We recently discussed how the Democratic establishment seems to be ramping up a campaign to block Sanders (as it did in 2016), including a plan to derail him at the convention. With Hillary Clinton, John Kerry, and DNC figures openly organizing against Sanders, the question is whether such a strategy, if successful, would alienate Sanders’ supporters in picking someone like Michael Bloomberg as an establishment choice. A remarkable exchange with Bernie Sanders’ national campaign co-chair Nina Turner last night on MSNBC may give a glimpse at such a future — and there is reason for the DNC and the Democratic establishment to be worried.
Turner was asked by MSNBC host Chris Matthews about Bloomberg and she hit both the former New York mayor and the DNC, calling him an “oligarch.” MSNBC seemed to come immediately to the defense of Bloomberg with Matthews asking incredulously “Do you think Mike Bloomberg is an oligarch?” Turner did not back off and raised candidates of color who were blocked under the rule now lifted for Bloomberg: “He is,” Turner shot back. “He skipped Iowa. Iowans should be insulted. Buying his way into this race, period. The DNC changed the rules. They didn’t change it for Senator Harris. They didn’t change it for Senator Booker. They didn’t change it for Secretary Castro.” Matthews kept pressing and Turner again said that Bloomberg “absolutely did” buy his way into the debates and further called the DNC decision “a stain on democracy.”
After the commercial, anchor Brian Williams called upon MSNBC contributor Jason Johnson to defend Bloomberg. He objected that
“Calling Mike Bloomberg an oligarch has implications in this country are unfair and unreasonable. I disagree with a lot of things Mike Bloomberg has done as a mayor. Oligarchy in our particular term makes you think of a rich person who got their money off of oil in Russia, who is taking advantage of a broken system . . . Mike Bloomberg is a rich guy. Just because you’re rich doesn’t mean you’re an oligarch that abuses power. Mike Bloomberg was given power by the voters of New York… It ain’t the kind of language you should be using. It’s dismissive, unfair and the kind of thing that blows up in your face if you become the nominee and you have to work with Mike Bloomberg three or four months from now. That’s the issue Sanders people never want to remember.”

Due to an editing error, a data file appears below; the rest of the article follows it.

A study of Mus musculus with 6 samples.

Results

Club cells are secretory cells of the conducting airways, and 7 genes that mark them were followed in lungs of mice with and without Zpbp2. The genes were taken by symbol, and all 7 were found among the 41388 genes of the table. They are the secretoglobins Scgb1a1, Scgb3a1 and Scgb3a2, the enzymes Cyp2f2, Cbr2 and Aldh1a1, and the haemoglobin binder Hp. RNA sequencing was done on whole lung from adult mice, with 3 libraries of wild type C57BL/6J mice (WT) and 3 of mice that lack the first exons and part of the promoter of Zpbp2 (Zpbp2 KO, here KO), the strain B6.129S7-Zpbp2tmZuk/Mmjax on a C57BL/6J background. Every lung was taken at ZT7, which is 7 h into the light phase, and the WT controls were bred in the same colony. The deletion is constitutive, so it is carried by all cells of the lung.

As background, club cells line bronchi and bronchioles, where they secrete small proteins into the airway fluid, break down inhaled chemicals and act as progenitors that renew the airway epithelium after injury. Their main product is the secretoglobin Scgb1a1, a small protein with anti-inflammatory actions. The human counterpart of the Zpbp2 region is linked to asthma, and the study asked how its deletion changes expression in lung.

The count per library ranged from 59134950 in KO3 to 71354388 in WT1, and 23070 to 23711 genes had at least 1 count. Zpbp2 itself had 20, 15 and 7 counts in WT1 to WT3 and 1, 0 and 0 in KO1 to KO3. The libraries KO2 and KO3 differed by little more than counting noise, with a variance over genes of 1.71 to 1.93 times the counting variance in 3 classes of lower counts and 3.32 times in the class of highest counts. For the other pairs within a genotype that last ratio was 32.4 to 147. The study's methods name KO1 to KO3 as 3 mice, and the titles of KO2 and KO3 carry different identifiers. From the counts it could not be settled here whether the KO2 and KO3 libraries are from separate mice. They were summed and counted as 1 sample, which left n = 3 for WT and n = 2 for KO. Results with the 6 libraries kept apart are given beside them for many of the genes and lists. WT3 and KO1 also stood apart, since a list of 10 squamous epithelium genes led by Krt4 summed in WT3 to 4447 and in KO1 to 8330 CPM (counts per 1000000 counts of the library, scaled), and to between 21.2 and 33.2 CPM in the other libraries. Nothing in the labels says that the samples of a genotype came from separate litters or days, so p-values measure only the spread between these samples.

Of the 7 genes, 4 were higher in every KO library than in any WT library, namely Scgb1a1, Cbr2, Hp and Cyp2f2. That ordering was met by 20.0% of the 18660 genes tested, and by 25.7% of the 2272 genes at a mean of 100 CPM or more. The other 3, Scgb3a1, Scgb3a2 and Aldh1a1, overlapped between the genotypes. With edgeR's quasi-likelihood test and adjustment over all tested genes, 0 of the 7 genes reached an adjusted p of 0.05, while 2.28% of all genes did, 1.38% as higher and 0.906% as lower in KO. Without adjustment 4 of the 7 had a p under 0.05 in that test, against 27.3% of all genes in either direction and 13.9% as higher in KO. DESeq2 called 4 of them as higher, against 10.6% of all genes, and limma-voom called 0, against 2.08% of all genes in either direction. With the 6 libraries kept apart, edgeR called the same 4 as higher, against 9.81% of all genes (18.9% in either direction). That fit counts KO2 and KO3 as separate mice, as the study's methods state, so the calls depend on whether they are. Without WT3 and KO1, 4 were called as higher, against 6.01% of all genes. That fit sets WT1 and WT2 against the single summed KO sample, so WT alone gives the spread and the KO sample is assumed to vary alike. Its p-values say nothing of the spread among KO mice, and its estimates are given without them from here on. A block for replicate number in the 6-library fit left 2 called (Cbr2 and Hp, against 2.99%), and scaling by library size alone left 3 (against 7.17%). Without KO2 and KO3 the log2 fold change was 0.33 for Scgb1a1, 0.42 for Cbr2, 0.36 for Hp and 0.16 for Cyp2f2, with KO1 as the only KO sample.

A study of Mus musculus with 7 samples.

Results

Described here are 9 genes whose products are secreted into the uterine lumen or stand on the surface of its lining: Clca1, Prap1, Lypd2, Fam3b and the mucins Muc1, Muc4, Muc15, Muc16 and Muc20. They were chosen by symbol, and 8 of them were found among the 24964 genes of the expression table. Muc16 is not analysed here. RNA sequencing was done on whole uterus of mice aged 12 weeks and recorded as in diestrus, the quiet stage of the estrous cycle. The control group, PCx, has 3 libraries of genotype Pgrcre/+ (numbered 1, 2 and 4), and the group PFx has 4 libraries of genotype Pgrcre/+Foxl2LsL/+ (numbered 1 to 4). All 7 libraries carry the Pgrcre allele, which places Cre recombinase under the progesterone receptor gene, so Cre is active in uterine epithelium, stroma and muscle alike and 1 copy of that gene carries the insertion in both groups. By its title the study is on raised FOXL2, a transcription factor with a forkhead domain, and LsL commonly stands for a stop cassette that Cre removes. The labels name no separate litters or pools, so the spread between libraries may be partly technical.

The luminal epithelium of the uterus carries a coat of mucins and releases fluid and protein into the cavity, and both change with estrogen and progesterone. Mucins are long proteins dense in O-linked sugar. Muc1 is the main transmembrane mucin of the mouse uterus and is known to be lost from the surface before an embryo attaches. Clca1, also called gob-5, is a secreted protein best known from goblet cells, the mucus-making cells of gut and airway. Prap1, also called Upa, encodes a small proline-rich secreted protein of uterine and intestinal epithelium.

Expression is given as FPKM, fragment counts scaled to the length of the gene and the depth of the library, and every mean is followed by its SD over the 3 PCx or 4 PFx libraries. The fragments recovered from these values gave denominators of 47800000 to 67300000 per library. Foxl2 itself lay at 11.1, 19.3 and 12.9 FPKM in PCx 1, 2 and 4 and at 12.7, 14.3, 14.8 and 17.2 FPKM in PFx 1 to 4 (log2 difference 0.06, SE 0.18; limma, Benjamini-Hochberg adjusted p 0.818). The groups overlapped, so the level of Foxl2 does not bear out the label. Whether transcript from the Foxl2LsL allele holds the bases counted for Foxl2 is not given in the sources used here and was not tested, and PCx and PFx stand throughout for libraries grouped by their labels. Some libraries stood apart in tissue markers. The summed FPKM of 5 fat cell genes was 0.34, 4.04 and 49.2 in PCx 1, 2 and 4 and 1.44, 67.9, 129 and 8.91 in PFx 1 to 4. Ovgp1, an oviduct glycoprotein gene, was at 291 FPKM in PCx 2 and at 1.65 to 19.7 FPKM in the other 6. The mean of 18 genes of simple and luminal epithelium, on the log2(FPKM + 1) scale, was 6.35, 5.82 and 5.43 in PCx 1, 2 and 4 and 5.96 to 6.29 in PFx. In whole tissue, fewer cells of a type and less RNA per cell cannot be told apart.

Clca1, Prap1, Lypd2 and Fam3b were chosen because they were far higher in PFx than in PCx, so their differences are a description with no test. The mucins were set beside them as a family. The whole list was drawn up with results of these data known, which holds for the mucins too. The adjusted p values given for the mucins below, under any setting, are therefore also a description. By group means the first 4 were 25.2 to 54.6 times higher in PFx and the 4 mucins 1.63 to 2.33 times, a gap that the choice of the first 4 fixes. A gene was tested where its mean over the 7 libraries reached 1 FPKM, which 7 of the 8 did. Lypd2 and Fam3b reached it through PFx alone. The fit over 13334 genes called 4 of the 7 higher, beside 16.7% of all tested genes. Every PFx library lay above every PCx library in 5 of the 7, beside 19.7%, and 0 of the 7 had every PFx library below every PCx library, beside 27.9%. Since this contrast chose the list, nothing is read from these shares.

I agree that Bloomberg is not an oligarch under the common meaning of that term. An oligarchy is a government run by the few and referred to direct such control or role in government. It can be defined as “a very rich business leader with a great deal of political influence.” That can cover Bloomberg, but most discussion of oligarchs focus on Russian-like business people making profits off their control of government policies or former assets. However, among hard left advocates, “oligarch” has become synonymous with the billionaire class or super-wealthy establishment figures. That was evident in Turner’s response to the effort on MSNBC to get her to withdraw her characterization: “No, he doesn’t tell me what to say or how to change my words. My word stands!”
Turner also noted that it is “ironic [that] somebody would defend the wealthiest people in this country over the working people in this country.” She then added something that should particularly worry the DNC establishment: “That is the same message Bernie Sanders has to the everyday people of this nation, that I welcome the hatred of the elites because I am standing up for you. So cry me a river for the wealthiest.”
That river could become a tsunami if this rift widens as the two sides careen toward the convention.